The case is clear: translucent watches are really cool right now.
They’re extremely intriguing to look at, they inspire a geeky insight into a crazy horological feat, and they go with almost any outfit or look that comes to mind. All this because the case literally is clear. As in, the timepiece is almost fully transparent.
Most commonly made with sapphire crystal (which, mind you, is the second most durable material after diamond), translucent watches have been cropping up as the hot sister to the trend of skeleton watches in recent years. Gone are the days when your wrist companion tick tocked along the hours in hidden winding beneath the case surface. People want to see the movements, admire the tourbillons, and count each of the immaculately placed screws. Transparency is so hot right now: in life, in society, and in watches.
Yet beyond the aesthetic poetry of a transparent watch, these actually pose quite the conundrum of corundum (which isn’t a tongue-twisted typo, it’s the scientific description for sapphire). Sapphire is an incredibly difficult substance to work with, requiring a highly technological process and expertise. This has resulted in sapphire crystal case watches to be extremely rare, and extremely coveted in the iconic designs of the watchmakers who succeed.
Oh but those who do succeed! Balancing a strength of materials with the delicacy of complete transparency, take a look at some of our favourite translucent watches of the minute. They may be almost entirely see-through, but they will certainly rack you in some very visible high style points.
Hublot Big Bang Tourbillon Power Reserve 5 Days Sapphire
Beginning our list with a true banger, the gorgeous Hublot Big Bang Tourbillon Power Reserve 5 Days Sapphire (approx. THB 4,876,895) caused much buzz after its unveiling at the beginning of the year. The 45mm timepiece is almost entirely transparent, featuring a polished sapphire crystal case, middle, and bezel. The skeleton movement almost appears to be floating, with a dial of opalescent numbers, index, and power reserve indicator, adding to the precious purity in design of the piece. Complete with a translucent structured rubber strap, the limited edition watch looks almost wholly transparent when worn on the wrist (almost).
A beautiful one for minimalist designaholics and watch nerds, the Bell & Ross BR-X1 Skeleton Tourbillon Sapphire Black (approx. THB 15,075,155) marries the brand’s signature square case with a creative transparency. Made from five blocks of sapphire that have been carefully and precisely assembled, the unique 45mm timepiece features a black hand-wound skeletonised tourbillon movement at 12 o’clock and a flying tourbillon at 6 o’clock, all visible from any angle on the case. To complete the invisibility clock cloak, the strap too is made of translucent rubber, with Superluminova-filled hour and minute hands floating over the dial – making the watch even cooler-looking (if possible) in the dark.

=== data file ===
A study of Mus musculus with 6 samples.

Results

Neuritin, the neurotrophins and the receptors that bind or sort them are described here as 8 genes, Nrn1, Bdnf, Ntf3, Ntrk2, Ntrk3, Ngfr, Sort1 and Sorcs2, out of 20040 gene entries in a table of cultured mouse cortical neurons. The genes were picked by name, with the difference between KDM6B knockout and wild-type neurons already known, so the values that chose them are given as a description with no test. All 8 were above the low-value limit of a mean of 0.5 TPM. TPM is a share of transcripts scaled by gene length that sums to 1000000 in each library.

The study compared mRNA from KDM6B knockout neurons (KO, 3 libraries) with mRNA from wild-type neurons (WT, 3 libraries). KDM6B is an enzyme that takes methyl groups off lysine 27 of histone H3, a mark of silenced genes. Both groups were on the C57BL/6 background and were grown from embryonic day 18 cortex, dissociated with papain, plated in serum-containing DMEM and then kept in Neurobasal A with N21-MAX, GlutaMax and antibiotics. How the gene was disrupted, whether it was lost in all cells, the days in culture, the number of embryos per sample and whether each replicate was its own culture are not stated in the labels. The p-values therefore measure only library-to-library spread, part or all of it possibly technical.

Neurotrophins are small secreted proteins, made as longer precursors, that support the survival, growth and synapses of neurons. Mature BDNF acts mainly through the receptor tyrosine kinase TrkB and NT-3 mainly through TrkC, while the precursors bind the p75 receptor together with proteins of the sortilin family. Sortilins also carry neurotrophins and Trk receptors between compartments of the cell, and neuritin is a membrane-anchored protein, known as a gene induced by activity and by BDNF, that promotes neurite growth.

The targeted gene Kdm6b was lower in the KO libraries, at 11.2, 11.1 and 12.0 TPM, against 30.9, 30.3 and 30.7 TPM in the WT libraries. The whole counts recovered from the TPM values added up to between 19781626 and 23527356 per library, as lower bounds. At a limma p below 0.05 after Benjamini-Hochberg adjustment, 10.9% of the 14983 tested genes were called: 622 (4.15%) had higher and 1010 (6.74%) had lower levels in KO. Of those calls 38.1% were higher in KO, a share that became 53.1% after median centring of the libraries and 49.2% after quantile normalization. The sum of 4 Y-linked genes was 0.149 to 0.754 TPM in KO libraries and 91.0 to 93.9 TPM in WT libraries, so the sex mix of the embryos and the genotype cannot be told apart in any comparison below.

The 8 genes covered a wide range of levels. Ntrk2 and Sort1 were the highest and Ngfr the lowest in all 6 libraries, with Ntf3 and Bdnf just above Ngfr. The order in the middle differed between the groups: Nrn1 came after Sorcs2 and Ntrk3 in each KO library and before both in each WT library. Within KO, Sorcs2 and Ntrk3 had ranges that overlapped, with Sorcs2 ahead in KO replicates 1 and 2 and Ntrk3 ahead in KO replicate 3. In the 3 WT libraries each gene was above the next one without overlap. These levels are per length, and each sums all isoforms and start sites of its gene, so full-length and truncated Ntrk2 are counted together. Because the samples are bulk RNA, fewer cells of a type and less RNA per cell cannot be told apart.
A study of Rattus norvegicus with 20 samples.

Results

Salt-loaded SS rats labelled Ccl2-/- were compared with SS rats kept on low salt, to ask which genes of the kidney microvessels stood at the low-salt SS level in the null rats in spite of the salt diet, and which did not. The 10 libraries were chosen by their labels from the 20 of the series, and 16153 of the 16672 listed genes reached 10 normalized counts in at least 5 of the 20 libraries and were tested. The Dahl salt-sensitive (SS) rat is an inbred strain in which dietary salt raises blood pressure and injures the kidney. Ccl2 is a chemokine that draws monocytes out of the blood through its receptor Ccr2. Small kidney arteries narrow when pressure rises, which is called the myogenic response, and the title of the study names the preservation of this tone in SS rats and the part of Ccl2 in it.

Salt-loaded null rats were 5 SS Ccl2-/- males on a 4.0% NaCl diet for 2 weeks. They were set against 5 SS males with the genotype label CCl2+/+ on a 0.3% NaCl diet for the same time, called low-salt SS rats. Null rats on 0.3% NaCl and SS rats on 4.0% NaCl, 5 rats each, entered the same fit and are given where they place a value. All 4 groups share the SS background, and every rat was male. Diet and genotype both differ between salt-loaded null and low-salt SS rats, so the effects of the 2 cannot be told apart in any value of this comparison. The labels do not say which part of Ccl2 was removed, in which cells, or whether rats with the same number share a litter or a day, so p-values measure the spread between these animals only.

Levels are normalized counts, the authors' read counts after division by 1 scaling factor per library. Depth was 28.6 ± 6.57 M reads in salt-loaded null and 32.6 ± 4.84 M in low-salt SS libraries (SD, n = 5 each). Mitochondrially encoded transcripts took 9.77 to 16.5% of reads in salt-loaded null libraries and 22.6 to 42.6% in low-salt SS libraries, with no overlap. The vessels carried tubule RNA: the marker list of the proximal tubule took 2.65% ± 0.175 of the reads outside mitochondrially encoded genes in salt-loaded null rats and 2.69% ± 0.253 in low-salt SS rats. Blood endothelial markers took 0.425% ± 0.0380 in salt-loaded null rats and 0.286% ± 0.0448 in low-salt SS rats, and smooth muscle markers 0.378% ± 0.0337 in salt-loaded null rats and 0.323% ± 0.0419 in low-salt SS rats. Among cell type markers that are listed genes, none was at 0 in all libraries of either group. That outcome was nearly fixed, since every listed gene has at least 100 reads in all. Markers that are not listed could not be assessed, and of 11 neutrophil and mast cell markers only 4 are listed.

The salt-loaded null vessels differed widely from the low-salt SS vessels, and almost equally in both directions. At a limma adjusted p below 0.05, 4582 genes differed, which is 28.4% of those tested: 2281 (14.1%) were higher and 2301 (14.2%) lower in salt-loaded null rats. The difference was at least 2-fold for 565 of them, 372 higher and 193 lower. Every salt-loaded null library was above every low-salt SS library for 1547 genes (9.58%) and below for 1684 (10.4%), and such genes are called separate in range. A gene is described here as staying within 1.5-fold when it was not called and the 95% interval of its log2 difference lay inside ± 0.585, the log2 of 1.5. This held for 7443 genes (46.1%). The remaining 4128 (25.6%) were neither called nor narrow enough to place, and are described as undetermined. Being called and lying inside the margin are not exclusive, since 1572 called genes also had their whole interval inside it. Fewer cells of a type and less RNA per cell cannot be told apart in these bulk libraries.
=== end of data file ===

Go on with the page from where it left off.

Can you even call yourself a true trendy hipster if you don’t own at least one Casio watch? Celebrating the 35th anniversary of the iconic G-Shock models, Casio has unveiled this special Glacier Gold watch (approx. THB 7250), featuring a translucent strap and bezel, as well as gold IP accents on the dial, buckle, band keeper, and special commemorative case back. Bringing a flair of the G-Shock’s much-loved brick pattern, there’s certainly a vintage vibe about it, with the icy coolness only a glacier-inspired timepiece can bring about. It turns out, even digital watches love a surf on the wave of the translucent trend.
The definite jaw-dropper on our list, Richard Mille’s RM 56-02 Tourbillon Sapphire (approx. THB 66,585,260) comes in a limited edition of only ten pieces. The watch features an entire case made from solid blocks of sapphire, with the tourbillon, barrel, and centre bridges made from sapphire crystal. The baseplate has also been finished in grade 5 titanium – a highly resistant material – making it ideal for uses in the aerospace, aeronautic, and automobile industries. Further highlights include the variable inertia and free sprung balance, barrel pawl with progressive recoil, and the winding barrel teeth and third-wheel pinion with central involute profile. A little confused by the technical jargon? Here’s the takeaway point: the RM 56-02 is an incredible mechanical marvel, and a strong watch for a strong individual – who doesn’t mind being completely transparent about it.
There’s something sublimely serene about transparency, and with the Issey Miyake Glass Watch (approx. THB 14,360), renowned Japanese designer and artist Tokujin Yoshioka truly captures this essence. Encasing the dial and its hands in clear glass, the timepiece is a simplistic and yet richly expressive item, exuding something beautifully poetic and peaceful about it – almost as if time were to stop entirely. As Yoshioka states, the “solid glass watch is a sculpture of light which transcends human senses.” We feel cleansed just looking at it. You’re welcome.
Independent watch brand Rebellion may not ring many bells to the uninitiated, but a glance at the Magnum 540 Grand Tourbillon (approx. THB 58, 746, 290) can be quick to change that. Whilst featuring a sapphire case like many of the other watches on our list, this model also includes a host of materials commonly found in race cars, from magnesium and carbon fibre, to titanium and aluminium. The star of the watch is undeniably the oversized 17.2mm flying tourbillon, housed within an aluminium alloy cage. All the gaskets are also made from clear silicone, allowing the transparent design element of the timepiece do what a translucent watch does best: provide a highly visible platform for all the showing and bragging rights.